Local company fights to protect Australian business and defence manufacturing jobs
Australian owned defence contractor Faxtech Pty Ltd (trading as “Point Trading”) today struck a blow for the local defence manufacturing industry by issuing legal proceedings against Israeli arms conglomerate Elbit Systems Limited in the Federal Court.
Point Trading alleges that Elbit and its subsidiary ITL Optronics Limited have made serious misrepresentations to the Australian Department of Defence in regard to Point Trading’s exclusive rights to supply the Mini N/SEAS night vision monocular, N/CROS binoculars and other ITL products in Australia and New Zealand. Point Trading claims that the misrepresentations constitute misleading and deceptive conduct, and will ask the Court for an injunction to stop Elbit, ITL and Elbit’s local subsidiary, Elbit Systems of Australia Pty Ltd, from continuing to make misleading statements about Point Trading’s rights.
Elbit has attempted to circumvent the contract ITL signed with Point Trading by signalling to the Department of Defence to stop purchasing from Point Trading and to deal direct with Elbit and ITL. In doing so, Elbit has not only ignored the terms of the contract ITL signed with Point Trading, but has damaged the business and reputation of a long standing Australian company and jeopardised highly skilled Australian manufacturing jobs.
“We have been supplying these products to the Defence departments in Australia and New Zealand for over 20 years, and overnight Elbit has jeopardised the goodwill in our business. We have been in business for almost 25 years and employ 25 full time and 5 casual staff in Melbourne. By attempting to deal direct with our customers, Elbit is simply trying to tie up the market and put Australian manufacturers out of business” said Avner Klein, CEO Point Trading Group.
Point Trading has been the exclusive supplier of the ITL Optronics Mini N/SEAS and N/CROS product lines in Australia and New Zealand since 1989. In 2010 it signed a an agreement with ITL Optronics, under the terms of which ITL agreed to provide Point Trading with the right to locally manufacture, assemble and service night vision products until at least 2020, making it the last manufacturer of night vision products in Australia. In that agreement, ITL also promised it would not market, sell or manufacture the products directly or indirectly in Australia or New Zealand. By doing this deal, Point Trading ensured continuity of supply to both the Australian Defence Force and the New Zealand Defence Force.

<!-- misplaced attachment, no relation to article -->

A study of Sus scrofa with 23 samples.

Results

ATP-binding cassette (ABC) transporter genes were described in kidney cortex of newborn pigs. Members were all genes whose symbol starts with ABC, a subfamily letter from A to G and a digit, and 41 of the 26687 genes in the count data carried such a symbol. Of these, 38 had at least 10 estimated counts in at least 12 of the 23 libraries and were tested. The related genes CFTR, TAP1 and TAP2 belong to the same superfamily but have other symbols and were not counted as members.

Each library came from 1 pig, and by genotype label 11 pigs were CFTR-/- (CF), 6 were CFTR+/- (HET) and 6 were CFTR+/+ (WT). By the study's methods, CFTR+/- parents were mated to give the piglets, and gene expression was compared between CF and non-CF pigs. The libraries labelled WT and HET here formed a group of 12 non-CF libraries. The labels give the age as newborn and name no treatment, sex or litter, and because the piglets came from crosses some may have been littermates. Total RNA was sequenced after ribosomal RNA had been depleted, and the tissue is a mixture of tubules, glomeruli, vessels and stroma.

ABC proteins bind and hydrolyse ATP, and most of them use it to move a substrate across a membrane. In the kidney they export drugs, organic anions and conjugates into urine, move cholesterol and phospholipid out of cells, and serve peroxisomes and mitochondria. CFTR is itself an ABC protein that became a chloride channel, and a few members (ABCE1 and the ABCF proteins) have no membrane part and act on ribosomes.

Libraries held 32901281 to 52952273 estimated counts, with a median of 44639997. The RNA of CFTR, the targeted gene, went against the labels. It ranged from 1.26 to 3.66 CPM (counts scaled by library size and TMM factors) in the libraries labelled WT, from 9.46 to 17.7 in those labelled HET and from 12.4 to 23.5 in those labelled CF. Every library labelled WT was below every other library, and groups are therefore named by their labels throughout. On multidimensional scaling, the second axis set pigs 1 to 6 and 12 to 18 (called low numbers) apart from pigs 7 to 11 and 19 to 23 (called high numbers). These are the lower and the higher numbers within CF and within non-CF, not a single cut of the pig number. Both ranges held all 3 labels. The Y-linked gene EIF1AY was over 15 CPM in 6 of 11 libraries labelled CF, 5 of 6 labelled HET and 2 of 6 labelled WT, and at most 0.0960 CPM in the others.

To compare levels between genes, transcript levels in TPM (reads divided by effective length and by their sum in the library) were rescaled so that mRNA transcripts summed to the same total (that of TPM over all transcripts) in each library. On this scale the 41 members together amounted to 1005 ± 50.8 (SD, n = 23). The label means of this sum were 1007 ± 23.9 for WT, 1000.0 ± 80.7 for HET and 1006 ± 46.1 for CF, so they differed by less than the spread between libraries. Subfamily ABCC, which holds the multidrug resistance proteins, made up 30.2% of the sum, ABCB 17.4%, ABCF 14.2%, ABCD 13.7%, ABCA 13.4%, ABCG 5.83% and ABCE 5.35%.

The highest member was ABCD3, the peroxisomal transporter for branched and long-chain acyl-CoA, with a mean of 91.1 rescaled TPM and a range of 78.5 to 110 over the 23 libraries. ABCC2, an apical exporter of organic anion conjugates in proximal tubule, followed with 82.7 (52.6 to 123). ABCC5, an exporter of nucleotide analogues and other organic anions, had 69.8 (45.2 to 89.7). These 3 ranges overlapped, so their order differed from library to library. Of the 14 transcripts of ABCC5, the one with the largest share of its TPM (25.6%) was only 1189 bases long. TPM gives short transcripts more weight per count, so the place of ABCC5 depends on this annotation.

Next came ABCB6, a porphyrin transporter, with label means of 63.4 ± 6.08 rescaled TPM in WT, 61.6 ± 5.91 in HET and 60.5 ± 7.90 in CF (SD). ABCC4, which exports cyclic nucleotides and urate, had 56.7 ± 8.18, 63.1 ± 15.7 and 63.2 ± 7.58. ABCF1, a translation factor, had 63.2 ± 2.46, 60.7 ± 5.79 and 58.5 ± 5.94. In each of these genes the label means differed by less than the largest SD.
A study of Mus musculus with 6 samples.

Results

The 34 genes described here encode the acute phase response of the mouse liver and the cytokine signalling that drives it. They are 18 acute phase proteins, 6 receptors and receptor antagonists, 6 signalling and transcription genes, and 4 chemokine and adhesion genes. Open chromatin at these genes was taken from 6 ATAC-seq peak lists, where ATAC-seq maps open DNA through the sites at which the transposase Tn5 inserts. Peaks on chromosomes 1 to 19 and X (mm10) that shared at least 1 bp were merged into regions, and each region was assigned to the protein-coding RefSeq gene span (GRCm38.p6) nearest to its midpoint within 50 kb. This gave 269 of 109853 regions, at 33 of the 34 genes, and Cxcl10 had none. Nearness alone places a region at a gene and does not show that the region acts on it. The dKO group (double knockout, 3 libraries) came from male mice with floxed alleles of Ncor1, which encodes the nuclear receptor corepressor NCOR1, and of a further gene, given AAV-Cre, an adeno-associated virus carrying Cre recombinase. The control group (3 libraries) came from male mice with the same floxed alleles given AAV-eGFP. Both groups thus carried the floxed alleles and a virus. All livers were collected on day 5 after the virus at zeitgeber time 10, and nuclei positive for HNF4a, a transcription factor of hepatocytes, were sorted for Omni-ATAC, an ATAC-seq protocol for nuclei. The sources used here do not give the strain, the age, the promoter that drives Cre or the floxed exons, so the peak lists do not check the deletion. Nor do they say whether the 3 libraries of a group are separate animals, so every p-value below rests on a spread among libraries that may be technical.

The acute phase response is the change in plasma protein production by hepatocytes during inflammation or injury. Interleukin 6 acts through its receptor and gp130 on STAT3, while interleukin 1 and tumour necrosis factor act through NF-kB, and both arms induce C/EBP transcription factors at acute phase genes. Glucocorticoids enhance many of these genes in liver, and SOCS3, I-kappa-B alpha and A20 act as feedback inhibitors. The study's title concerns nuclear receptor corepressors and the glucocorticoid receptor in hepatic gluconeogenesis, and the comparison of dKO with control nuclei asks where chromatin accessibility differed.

“It was becoming increasingly clear that ITL was unable to meet its commitments to Point Trading and so we took the important step of securing supply for Australia and New Zealand by buying the rights to the products,” said Klein.
“Point Trading paid ITL for exclusivity rights for the manufacture and further development of the Mini N/SEAS and N/CROS products, and obtained production process files including drawings and processes, and letters of authority to be the exclusive supplier for the Australian and New Zealand Market until 2020,” said Klein.
Elbit Systems, one of the world’s largest defence companies, bought a majority share in ITL in October 2010 and since then has constantly attempted to circumvent the existing contract and damage Point Trading’s business by trying to trade direct in order to cut out Australian businesses.
Point Trading has attempted to resolve this matter to no avail and has now no option but to ask the Federal Court to adjudicate in order to protect its business.
“Large defence conglomerates like Elbit come to Australia and push around small organisations like us that have successfully served our Defence Force for more than two decades, use bullying tactics and contribute little to the local economy,” said Klein.
The case will be first heard on Friday 23 September 2011 at 9:30am at the Federal Court in Melbourne.